Stock markets wobbled at the open Monday, but rebounded as investors assessed the impact of Friday’s terrorist attacks in Paris.
The major global moves were higher, though there were signs of a flight to safety in the U.S. dollar. The American currency rose against most others, including our dollar, which sank to 75.05 cents (U.S.). Gold was up. Oil, which drifted down at the start of the day, recovered, too.
As Bloomberg News noted, the history of terror incidents over the last 15 years shows market reactions are often sharp and short-lived. In this case, there was barely a ripple, though tomorrow is another day.
“Terrible as these events are on a human level, from a market perspective the impact tends to be transitory,” Richard McGuire, head of rates strategy at Rabobank International in London, told Bloomberg.
It’s the third major event to test financial markets his year. In July, they wobbled on fears of a slowdown in China. They wobbled again in early September on renewed talk the Americans might raise interest rates for the first time in nine years.
The S&P TSX index, the broadest measure of Canadian share prices, is down 9.8 per cent for the year and 4 per cent since mid-October. The S&P 500, which follows the shares of 500 largest American companies, is down almost 1 per cent since January.
Thomson Reuters, which tracks the profits of the S&P 500, reports that in the third quarter, overall profits declined year over year for the first retreat in six years. It expects more of the same in the fourth quarter, setting the stage for an “earnings recession,” signaling that even the U.S. recovery has weak spots. More broadly, the global rebound has been delayed once again.
The focus is now on the meeting of the U.S. Federal Reserve on Dec. 16, which is the Americans’ next chance to raise interest rates. An index called the Fed fund futures, which gauges expectations of interest rates, jumped last week to a 70 per cent probability of a December hike.
What does this mean for you?
• TD Economics said Monday it expects to see the dollar go as low as 71.4 cents (U.S.) by early in the New Year. That’s $1.40 Canadian to $1 (U.S.). A year ago, the loonie was worth 88 cents (U.S.), or $1.12 to $1.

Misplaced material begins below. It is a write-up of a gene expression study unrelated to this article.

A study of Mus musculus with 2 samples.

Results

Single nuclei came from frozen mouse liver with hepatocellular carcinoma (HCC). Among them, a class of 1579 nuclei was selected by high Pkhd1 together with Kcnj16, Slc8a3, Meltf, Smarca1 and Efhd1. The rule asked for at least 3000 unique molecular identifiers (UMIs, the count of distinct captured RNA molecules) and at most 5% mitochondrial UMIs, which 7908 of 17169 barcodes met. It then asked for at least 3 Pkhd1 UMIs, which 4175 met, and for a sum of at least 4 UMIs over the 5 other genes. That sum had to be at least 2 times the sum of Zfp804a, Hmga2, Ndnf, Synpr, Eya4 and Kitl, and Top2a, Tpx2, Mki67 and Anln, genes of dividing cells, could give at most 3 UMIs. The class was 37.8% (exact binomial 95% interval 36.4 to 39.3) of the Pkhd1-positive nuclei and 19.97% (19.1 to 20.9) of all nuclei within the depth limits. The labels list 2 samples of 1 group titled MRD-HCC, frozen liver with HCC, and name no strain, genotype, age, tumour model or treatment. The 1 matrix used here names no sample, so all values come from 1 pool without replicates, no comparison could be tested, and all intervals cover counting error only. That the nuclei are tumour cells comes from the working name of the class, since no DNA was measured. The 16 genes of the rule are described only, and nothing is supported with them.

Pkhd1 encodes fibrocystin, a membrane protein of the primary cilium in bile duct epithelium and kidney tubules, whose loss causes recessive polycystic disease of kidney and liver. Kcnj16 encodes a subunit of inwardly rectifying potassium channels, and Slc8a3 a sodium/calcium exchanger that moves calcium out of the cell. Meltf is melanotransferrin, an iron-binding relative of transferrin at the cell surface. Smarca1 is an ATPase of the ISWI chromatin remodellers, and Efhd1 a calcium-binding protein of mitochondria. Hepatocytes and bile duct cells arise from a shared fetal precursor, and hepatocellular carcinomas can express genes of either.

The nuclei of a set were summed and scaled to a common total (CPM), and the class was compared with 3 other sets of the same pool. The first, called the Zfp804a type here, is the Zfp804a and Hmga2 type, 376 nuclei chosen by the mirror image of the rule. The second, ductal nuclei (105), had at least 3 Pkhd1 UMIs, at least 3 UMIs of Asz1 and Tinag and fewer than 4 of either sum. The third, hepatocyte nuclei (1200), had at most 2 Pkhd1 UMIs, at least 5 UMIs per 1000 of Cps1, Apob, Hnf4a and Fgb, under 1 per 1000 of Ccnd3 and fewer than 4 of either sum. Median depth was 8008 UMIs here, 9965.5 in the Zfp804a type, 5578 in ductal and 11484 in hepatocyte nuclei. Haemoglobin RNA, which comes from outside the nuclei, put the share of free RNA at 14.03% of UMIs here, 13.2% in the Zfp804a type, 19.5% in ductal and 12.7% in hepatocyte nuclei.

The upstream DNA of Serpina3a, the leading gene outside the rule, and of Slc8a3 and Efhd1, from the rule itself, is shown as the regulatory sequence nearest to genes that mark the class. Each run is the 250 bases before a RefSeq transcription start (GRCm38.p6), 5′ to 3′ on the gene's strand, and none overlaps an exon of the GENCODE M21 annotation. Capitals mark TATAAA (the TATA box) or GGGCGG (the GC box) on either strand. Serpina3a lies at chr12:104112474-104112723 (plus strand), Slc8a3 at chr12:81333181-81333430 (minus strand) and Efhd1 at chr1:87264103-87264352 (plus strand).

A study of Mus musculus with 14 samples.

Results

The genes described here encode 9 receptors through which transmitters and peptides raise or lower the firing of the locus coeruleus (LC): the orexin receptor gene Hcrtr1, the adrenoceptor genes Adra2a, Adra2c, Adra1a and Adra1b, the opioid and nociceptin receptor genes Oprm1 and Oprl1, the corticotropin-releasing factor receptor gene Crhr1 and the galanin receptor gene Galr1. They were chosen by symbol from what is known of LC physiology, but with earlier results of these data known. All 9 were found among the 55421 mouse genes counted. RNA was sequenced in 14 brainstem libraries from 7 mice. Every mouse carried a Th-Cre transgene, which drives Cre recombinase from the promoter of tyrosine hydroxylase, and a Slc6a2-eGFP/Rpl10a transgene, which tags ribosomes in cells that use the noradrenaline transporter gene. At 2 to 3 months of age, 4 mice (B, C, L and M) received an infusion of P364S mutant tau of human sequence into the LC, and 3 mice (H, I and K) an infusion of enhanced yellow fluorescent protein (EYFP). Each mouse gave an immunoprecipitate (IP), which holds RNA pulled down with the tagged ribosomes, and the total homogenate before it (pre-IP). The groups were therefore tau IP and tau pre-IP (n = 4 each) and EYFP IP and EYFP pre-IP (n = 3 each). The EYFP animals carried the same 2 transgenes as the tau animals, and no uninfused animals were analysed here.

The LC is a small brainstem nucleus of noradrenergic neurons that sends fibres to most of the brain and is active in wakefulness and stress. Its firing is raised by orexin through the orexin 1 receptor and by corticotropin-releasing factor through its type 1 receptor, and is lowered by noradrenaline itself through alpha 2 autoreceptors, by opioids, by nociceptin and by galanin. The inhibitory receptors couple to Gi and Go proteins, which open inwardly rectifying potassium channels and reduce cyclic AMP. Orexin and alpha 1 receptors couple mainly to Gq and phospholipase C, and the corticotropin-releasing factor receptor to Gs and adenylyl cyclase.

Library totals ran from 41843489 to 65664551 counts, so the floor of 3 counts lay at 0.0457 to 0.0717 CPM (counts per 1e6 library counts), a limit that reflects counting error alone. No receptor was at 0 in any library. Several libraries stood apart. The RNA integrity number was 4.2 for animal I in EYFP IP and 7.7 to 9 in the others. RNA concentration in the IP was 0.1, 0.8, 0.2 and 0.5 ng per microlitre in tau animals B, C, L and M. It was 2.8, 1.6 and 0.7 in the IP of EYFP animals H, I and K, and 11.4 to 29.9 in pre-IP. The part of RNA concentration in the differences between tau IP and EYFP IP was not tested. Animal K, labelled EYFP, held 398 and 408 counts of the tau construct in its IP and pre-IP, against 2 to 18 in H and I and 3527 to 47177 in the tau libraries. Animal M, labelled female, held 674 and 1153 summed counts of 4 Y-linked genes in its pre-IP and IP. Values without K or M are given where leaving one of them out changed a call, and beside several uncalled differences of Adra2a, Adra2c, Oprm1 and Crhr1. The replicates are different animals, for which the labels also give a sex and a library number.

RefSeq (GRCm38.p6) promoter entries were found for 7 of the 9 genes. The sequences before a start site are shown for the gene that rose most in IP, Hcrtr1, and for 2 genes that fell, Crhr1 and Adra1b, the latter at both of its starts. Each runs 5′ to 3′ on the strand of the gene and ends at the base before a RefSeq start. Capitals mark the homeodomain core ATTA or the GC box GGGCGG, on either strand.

TD is among those who expect the Fed to pull the trigger in December. That will put the pressure on our dollar by widening the gap between Canadian and U.S. interest rates.
• The consensus is that any Canadian interest rate increase is at least a year, or more, away. A better read of that occurs in about two weeks, at the Bank of Canada’s Dec. 2 meeting.
• Our weak dollar keeps increasing the price of travel to the U.S. and Caribbean. If you’re heading south, now will probably be a better time to convert you money than in the New Year.
• Be prepared for more sticker shock at the grocery store. Your bill has already gone up this year and will go up again this winter, whether you’re buying fresh fruit and vegetables or Florida orange juice.
• Lower global growth means even less demand for commodities such as oil and gold, which are near at multi-year lows. The good news is that low growth also means low inflation.
• Falling oil is also good news for drivers. Gasoline was below $1 a litre this weekend and may go lower. Think of it as the equivalent of a tax cut.
We’ve had a wonderful stretch of warm weather through mid-November. It would seem some cooler days lie ahead.